Coca-Cola would prefer to see more people drinking less of its products rather than a few people drinking a lot. So one can a week is quite alright, according to the folks from Coke.

The comment, made by Coca-Cola Amatil, was in response to a leading US academic who has urged Australians to lobby for changes to junk food and soft drink advertising.

Coca-Cola Amatil, which distributes Coca-Cola products in New Zealand and Australia, reacted by saying its high sugar soft drinks aren't bad in moderation.

"If you consume one can like that a week, no, I don't think that's unhealthy," Coca-Cola Amatil managing director Alison Watkins told ABC news.


When asked if the company could make money if everyone drank one can of fizzy drink per week, she replied, "We would much rather have lots of people drinking small amounts of our product than to have a small number of people drinking a lot of our product."

But the Dietitians Association of Australia (DAA) was quick to dispute the fizzy drink giant's reasoning, saying that water was still the ideal drink.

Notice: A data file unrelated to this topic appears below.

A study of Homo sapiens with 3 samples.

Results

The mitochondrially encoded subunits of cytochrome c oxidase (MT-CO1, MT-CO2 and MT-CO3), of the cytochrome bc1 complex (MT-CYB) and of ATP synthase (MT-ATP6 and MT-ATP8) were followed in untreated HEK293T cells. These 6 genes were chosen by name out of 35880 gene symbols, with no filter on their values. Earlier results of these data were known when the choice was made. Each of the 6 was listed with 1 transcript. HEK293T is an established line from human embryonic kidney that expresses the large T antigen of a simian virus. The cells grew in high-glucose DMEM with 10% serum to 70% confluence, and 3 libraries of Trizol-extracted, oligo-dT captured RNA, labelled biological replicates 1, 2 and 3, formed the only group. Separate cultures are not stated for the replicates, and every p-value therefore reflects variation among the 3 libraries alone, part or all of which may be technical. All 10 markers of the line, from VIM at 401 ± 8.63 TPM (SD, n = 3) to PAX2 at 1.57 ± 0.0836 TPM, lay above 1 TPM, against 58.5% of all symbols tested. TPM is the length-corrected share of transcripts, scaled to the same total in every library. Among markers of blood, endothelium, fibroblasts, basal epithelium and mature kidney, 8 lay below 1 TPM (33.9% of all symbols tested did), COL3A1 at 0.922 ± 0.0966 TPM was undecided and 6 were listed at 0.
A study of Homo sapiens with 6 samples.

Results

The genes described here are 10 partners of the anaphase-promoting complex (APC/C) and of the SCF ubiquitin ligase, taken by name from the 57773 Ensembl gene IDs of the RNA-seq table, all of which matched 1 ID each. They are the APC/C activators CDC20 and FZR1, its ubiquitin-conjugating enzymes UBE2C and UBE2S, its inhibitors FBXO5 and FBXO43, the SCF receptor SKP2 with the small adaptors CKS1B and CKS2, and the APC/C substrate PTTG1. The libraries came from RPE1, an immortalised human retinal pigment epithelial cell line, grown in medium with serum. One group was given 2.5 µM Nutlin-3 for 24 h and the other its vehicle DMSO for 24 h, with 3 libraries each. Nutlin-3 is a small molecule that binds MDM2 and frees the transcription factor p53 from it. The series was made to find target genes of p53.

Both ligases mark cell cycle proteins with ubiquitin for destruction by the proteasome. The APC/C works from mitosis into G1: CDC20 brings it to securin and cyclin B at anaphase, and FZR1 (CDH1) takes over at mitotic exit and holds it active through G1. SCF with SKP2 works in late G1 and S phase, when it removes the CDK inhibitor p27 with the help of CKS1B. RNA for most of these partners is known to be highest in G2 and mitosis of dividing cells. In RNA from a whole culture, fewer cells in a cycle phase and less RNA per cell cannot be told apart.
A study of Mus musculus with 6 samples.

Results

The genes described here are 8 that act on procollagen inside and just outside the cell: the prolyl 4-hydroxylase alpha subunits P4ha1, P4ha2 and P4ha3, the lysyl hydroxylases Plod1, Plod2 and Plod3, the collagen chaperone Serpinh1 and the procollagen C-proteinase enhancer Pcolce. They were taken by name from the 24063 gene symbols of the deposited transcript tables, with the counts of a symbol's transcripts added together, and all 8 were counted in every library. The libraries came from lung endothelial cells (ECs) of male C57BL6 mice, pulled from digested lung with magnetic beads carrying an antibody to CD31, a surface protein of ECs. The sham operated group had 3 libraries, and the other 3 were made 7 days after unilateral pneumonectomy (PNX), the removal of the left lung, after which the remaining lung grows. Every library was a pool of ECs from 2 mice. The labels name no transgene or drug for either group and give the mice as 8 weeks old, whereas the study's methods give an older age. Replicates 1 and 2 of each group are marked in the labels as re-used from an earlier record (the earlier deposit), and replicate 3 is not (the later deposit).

"It is unhealthy, [Coca-Cola] has no basis in saying that. It's out of context of a healthy diet," DAA accredited practicing dietitian Arlene Normand said.

"They're basically just trying to promote Coke. I can understand that reasoning, that it's better to have one coke [a week] than a coke every day, but the more you have, the more you crave. Ideally, people should be drinking water."

The stoush ignited after leading researcher Professor Marion Nestle, from New York University, criticized soft drink companies, saying they were distorting the truth about their products in order to keep profits growing.

"There is so much evidence now that drinking sugars in the form of liquids is not good for health," she said during a lecture at a Sydney University.

Professor Nestle also claimed the soft drink industry did everything it possibly could to discourage any warnings about consuming its products.

She went on to explain that fizzy drink manufacturers fund scientific research to push back against claims their sugary soft drinks contribute to excessive weight gain.


Part of the problem, said Professor Nestle, was that many countries did not conduct any of their own objective research into the potentially harmful effects of fizzy drink, and its role in the obesity epidemic.